Pfizer's popular smoking-cessation drug Chantix came under a hailstorm of controversy last week as dozens of blogs and online forums lit up with complaints about side effects associated with the medication, including disturbing dreams and depression.
The wave of accusations stemmed from an incident in September in which musician Carter Albrecht was shot to death by a neighbor after causing a commotion outside the neighbor's door. The drug was not officially tied to the murder, but Chantix users have taken to the Internet and are blogging about their experiences with the drug.
"After taking it for eight days, I suffered from severe depression and suicidal thoughts. I immediately stopped taking Chantix," wrote one Chantix user at lawprofessors.typepad.com back in July. "That has been since May, and I still suffer from bouts of severe depression."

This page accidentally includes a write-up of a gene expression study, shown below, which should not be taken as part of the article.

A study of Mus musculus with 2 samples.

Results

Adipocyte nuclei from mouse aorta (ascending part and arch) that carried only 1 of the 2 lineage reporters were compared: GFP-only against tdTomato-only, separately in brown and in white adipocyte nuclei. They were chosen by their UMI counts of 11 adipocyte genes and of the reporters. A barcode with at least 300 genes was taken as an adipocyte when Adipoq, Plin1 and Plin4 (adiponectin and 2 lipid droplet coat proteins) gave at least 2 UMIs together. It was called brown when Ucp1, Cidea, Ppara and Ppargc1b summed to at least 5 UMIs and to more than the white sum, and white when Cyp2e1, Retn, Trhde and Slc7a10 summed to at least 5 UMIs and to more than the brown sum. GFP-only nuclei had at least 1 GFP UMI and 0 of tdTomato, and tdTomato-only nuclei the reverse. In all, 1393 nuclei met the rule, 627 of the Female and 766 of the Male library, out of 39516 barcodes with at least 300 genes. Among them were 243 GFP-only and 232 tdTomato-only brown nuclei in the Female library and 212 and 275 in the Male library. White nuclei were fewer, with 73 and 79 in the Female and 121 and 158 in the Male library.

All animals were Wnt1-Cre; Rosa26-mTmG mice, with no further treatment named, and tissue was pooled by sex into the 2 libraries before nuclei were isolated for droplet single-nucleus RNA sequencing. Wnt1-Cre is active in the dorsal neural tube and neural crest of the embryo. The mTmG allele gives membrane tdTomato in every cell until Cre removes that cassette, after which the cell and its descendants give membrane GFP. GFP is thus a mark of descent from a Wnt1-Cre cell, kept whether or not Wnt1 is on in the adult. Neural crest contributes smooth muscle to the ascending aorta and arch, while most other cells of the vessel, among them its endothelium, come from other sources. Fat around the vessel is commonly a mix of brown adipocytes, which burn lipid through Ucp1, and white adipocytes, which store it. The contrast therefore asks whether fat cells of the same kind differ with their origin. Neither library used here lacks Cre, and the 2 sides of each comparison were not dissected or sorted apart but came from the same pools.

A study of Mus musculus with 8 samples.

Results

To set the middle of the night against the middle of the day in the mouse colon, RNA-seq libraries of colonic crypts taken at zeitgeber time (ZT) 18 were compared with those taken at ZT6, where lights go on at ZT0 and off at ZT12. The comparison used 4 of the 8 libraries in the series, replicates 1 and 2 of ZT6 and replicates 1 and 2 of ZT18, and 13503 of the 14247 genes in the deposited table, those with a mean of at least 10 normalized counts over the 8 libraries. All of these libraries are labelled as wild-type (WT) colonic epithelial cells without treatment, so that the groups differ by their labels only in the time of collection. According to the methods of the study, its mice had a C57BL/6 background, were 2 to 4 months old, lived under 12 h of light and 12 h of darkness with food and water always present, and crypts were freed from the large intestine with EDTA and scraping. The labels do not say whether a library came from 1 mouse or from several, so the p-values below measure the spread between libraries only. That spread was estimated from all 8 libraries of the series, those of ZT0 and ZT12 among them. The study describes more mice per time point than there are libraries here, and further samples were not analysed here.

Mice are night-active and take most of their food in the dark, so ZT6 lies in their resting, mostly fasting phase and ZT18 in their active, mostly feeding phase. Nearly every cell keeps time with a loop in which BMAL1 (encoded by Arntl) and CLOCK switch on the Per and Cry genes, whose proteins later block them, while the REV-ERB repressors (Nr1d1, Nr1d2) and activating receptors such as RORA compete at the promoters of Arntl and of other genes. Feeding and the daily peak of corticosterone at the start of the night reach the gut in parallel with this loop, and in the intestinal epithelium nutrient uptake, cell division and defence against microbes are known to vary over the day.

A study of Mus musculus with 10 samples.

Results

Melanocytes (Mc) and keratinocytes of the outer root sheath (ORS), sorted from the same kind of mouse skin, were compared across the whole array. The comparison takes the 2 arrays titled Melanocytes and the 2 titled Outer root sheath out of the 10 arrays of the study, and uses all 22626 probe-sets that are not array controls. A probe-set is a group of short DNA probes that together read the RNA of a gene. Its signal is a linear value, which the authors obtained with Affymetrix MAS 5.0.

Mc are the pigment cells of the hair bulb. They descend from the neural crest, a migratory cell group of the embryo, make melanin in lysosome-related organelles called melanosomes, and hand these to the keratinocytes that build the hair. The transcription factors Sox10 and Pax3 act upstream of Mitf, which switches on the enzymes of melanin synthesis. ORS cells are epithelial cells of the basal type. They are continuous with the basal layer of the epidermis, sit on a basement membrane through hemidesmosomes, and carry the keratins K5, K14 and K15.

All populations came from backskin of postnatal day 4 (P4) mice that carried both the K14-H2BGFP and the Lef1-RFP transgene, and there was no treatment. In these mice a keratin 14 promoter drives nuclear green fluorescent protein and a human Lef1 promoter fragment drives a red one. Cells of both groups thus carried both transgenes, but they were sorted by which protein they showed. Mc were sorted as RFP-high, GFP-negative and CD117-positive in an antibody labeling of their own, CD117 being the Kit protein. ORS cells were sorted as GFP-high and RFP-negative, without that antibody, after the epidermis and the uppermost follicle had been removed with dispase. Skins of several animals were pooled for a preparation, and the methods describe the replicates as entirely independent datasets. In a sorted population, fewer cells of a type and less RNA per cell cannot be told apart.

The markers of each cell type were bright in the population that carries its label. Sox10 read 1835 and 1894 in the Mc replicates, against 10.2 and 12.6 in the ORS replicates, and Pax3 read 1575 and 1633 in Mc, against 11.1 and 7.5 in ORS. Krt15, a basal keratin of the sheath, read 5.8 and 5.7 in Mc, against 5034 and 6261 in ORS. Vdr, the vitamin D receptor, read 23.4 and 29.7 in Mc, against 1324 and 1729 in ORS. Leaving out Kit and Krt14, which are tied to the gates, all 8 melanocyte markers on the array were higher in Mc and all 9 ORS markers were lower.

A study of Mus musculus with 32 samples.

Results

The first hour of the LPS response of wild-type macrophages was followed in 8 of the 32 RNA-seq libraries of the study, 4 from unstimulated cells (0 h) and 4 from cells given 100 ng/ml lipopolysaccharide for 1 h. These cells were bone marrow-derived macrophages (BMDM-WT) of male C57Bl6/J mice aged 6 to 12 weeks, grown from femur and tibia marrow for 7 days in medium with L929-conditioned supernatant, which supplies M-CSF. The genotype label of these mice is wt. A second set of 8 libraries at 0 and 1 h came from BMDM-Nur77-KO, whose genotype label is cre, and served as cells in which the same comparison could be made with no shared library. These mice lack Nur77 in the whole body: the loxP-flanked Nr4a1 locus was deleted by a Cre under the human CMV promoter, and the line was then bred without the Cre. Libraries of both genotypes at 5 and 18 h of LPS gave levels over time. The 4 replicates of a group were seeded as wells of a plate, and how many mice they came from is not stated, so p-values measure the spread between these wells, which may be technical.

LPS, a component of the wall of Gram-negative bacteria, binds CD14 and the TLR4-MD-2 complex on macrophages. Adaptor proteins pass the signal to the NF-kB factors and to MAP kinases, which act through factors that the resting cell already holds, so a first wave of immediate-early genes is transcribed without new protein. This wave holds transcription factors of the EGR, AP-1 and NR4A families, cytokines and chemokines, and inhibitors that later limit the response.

Last week, FDA announced that it would be examining the situation and further reviewing the cases. It stated that alcohol might have played a part in the Albrecht case but that it would be investigating other reports.
"Chantix is one of those drugs that does well for Pfizer, and it's sort of disappointing that it has these side effects," said Les Fundleyter, healthcare strategist at Miller Tabak. "We don't have a lot of data right now to substantiate anything. However, the story is out there now and, in the best case, even if there isn't much to this story, it's still going to make people think twice about taking and prescribing Chantix."
A Virtual Megaphone One of the biggest problems right now is that the Internet has provided a megaphone for people to voice their concerns and problems with the medication. Even if Chantix isn't deemed unsafe, could the backlash from bloggers and forum posters badly damage the drug?
"Blogging can kill a brand if it is not responded to appropriately, but there are things that can be done," said Lisa Flaiz, VP and national pharma practice lead of interactive ad agency Avenue A | Razorfish. "The beauty and the curse of blogging and Web 2.0 in general is that pharma companies have to let go of their brand. It doesn't mean they can't respond—but when they do respond, they have to be careful that they respond with all the normal rules and regulations of promotion."
Calls to Pfizer were not returned as of press time.